Ogeechee fish plentiful, but fishermen still wary | savannahnow.com

13
Oct

Ogeechee fish plentiful, but fishermen still wary | savannahnow.com

On the Ogeechee River, this year’s sopping wet spring and summer helped fish populations rebound after the devastating fish kill of 2011, but not everyone is planning their fish fry yet.

Rain had the Ogeechee spilling out of its banks, giving small fish the chance to grow in swampy areas. As the river contracted, the expanded fish population has become trapped in the smaller area. It’s exactly what fisheries supervisor Tim Barrett expected with a break in a long dry spell.

“We saw lots of little fish through this dry time,” said Barrett, of the Wildlife Resources Division of the Department of Natural Resources. “We were saying if we get water we’ll have great fishing again.”

Wildlife Resources crews restocked the Ogeechee in late 2011 with about 275,000 redbreast, 100,000 largemouth bass and 150,000 bluegill, but Barrett credits the wet weather more than the restocking for the population increase.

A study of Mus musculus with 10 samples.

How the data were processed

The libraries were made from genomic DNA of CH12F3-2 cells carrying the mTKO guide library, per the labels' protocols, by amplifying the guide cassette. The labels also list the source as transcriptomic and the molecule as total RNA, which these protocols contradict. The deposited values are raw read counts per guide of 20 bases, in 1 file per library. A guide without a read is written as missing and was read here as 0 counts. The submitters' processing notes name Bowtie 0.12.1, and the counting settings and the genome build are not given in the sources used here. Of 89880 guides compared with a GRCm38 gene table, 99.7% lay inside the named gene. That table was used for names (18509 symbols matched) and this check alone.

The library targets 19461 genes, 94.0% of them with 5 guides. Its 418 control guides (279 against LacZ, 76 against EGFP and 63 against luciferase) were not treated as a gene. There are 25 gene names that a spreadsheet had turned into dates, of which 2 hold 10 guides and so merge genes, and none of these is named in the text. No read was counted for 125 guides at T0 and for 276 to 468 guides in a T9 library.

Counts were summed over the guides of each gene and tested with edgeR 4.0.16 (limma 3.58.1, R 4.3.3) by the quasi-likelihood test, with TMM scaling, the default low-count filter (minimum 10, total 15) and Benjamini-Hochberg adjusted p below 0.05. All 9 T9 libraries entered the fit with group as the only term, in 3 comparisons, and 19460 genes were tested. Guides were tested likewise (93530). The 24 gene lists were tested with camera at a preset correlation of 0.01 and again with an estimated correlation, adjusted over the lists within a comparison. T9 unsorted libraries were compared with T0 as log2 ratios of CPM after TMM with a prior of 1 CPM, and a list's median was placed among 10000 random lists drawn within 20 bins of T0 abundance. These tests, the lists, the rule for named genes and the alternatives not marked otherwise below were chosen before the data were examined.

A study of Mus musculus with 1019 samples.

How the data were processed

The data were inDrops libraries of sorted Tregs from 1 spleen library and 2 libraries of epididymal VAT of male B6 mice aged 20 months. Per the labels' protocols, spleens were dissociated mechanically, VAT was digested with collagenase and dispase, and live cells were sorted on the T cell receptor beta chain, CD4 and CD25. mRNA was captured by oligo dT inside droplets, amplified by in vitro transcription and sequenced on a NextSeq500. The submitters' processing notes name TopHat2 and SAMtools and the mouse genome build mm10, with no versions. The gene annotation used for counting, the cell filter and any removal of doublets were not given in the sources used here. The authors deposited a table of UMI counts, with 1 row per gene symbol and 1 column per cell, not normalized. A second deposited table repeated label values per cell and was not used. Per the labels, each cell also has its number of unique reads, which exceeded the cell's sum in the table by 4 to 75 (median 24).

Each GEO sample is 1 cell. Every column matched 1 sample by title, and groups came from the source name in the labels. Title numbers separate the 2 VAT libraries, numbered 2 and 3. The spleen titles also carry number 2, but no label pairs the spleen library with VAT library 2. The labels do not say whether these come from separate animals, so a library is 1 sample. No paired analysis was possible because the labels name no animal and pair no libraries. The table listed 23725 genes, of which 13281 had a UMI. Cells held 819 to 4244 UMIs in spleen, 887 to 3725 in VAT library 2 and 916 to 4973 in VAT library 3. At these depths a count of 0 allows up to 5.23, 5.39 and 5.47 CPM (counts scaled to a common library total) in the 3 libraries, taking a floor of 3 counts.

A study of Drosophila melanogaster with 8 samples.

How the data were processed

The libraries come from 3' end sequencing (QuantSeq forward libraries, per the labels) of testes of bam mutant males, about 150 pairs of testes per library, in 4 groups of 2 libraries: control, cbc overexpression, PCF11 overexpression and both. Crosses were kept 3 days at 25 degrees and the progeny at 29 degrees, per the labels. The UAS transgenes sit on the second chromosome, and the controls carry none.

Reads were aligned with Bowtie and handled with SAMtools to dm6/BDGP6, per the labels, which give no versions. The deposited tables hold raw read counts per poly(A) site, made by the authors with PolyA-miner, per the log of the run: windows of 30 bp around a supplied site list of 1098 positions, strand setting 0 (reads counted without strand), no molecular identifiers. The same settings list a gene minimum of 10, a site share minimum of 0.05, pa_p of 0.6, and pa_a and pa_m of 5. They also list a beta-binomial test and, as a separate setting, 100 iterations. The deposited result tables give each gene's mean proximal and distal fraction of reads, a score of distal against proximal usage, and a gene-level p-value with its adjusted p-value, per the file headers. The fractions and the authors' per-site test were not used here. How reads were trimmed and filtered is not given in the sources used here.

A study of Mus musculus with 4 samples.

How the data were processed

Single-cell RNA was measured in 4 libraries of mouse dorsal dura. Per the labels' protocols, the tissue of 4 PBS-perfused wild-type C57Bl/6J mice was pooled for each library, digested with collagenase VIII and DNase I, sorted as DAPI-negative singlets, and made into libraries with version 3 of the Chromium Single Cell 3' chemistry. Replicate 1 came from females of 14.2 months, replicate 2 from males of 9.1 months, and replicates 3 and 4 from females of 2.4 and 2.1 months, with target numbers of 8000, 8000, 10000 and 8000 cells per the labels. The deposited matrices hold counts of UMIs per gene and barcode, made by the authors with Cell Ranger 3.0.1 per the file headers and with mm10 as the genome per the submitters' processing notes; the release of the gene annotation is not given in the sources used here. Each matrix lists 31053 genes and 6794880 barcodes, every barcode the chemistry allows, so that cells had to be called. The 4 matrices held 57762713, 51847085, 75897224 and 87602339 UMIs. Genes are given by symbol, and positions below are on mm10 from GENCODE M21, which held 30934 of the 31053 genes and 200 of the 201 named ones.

Annual electrofishing studies of sport fish populations so far this year show five times more larger-sized redbreast sunfish in the river than last year, said senior fisheries biologist Joel Fleming. In the fish kill area, redbreast catches are about 1.3 times better than in 2010, before the May 2011 event that left 38,000 fish dead.

All the dead fish were discovered below the discharge pipe for textile processor King America Finishing. A follow-up investigation by the state’s Environmental Protection Division revealed the company’s fire retardant processing line had been operating without a pollution permit since its installation in 2006. After a brief interruption following the fish kill, the line was restarted; it continues to operate without a permit. The company is instead operating under directives from an August 2011 EPD letter. A consent order that spelled out $1 million the company was to spend in projects on the Ogeechee was nullified by a judge in 2012 for lack of public notice and a new consent order has not been finalized.

Both documents should be finalized soon, said EPD spokesman Kevin Chambers.

Fishermen like Bulloch resident Tommy Pope, who’s lived on the river for 29 years, are focused on the continuing discharge. He agrees it’s easy to catch fish now, but eating them is another matter.

via Ogeechee fish plentiful, but fishermen still wary | savannahnow.com.